Types include:; Age-related ("senile") - over 90%; Congenital - 1/250 newborns, 10-38% of childhood blindness; Toxic/nutritional; Systemic disease associated e.g., myotonic dystrophy, atopic dermatitis; Metabolic - diabetes (accelerated sorbitol pathway), hypocalcemia, Wilson's disease; "Complicated" - secondary to associated eye disease, e.g., uveitis (juvenile rheumatoid arthritis, sarcoid, etc.). Also secondary to occult tumor (melanoma, retinoblastoma).; Trauma - heat (infrared), electrical shock, radiation, concussion, perforating eye injuries, intraocular foreign body.

Age-related cataracts are caused by the continual addition of layers of lens fibers throughout life which creates a hard, dehydrated lens nucleus which impairs vision (nuclear cataract). Aging alters biochemical and osmotic balance required for lens clarity, and the outer lens layers hydrate and become opaque, affecting vision.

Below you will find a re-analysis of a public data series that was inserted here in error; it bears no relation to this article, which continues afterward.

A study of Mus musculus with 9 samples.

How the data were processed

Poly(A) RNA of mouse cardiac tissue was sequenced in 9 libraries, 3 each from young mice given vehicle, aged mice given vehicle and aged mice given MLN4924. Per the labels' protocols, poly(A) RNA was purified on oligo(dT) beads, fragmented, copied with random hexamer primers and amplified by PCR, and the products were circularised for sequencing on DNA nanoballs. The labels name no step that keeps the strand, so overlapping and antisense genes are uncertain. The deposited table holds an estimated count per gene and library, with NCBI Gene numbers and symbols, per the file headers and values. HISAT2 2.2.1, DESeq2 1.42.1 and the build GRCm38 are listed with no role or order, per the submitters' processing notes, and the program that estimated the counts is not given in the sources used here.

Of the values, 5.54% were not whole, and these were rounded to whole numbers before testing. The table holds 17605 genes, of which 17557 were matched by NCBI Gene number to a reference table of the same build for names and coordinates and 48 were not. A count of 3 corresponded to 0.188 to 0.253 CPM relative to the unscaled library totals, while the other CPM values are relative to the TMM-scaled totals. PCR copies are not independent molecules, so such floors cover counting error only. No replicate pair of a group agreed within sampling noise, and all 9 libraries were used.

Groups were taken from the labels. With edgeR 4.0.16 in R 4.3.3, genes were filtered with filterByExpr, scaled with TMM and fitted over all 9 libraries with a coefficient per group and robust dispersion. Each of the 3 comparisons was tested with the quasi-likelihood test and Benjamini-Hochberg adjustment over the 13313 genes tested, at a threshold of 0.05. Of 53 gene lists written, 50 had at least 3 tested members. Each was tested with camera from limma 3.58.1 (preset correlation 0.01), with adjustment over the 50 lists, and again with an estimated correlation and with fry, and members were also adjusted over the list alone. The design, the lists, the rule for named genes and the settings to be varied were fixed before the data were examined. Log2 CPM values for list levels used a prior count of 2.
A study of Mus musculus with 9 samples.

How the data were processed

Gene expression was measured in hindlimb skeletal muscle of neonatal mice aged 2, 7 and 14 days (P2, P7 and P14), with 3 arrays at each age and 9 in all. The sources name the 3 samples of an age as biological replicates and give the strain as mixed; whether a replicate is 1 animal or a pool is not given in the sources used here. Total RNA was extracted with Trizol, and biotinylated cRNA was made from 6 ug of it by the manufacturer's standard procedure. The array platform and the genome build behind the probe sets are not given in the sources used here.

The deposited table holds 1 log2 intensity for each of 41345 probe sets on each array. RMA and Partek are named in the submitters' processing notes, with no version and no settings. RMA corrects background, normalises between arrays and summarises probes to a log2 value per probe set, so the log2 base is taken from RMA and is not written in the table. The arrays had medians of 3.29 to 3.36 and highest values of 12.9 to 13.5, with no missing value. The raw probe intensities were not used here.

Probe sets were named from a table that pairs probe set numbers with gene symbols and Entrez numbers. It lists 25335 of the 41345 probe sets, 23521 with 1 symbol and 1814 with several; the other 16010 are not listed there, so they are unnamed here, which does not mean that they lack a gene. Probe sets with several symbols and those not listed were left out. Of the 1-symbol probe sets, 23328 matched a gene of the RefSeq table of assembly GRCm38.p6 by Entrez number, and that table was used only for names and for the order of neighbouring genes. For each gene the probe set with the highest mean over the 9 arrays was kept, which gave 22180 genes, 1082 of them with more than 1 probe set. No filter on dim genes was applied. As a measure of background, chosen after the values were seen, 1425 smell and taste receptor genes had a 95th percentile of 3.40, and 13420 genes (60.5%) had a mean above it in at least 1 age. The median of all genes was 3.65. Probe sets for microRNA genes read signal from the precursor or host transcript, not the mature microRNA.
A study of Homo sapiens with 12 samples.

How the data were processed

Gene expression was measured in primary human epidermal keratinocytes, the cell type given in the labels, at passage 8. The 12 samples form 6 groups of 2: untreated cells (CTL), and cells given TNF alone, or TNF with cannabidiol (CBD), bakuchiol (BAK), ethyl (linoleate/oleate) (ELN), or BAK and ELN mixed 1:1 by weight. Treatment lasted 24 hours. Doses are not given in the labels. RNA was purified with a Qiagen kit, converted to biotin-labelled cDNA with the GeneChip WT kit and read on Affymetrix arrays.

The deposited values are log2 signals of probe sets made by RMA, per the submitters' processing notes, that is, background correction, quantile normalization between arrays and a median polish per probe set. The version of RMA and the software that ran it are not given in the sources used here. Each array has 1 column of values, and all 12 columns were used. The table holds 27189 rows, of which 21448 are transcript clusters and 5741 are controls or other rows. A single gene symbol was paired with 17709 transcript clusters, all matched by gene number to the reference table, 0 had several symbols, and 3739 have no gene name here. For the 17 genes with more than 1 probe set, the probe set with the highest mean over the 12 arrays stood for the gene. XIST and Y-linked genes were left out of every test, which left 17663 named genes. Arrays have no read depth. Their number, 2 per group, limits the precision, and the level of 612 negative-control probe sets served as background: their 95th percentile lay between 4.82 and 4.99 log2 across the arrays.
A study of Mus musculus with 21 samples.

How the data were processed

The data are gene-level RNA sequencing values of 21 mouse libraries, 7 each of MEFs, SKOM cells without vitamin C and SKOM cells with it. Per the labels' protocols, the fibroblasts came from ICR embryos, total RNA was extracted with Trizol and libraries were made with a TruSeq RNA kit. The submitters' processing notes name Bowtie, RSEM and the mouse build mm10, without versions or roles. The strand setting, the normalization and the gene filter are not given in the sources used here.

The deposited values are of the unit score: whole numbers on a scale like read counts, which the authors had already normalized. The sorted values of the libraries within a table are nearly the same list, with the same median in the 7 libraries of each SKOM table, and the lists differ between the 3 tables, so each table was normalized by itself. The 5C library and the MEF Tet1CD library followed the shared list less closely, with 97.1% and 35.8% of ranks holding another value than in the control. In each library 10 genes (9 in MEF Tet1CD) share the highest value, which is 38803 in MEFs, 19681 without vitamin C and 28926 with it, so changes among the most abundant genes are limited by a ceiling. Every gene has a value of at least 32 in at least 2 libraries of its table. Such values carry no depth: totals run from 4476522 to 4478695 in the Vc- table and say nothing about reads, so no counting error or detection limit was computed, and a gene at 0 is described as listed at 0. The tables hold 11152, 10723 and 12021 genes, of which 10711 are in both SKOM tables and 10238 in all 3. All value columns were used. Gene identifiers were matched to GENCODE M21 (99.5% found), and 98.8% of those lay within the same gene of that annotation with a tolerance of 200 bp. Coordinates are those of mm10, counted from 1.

The cause of congenital cataracts is usually obscure and includes:

Drugs (corticosteroids in first trimester, sulfonamides, etc.);

Metabolic - diabetes in mother, galactosemia in fetus;

Intrauterine infections during the first trimester of pregnancy (rubella, herpes, mumps); and

Maternal malnutrition.

Other cataract types have in common that a biochemical/osmotic imbalance disrupts lens clarity. Local changes in lens protein distribution lead to light scattering manifest as lens opacity.

Conventional Labs

Lab tests for cataracts are useful to identify underlying causes, which is often diabetes.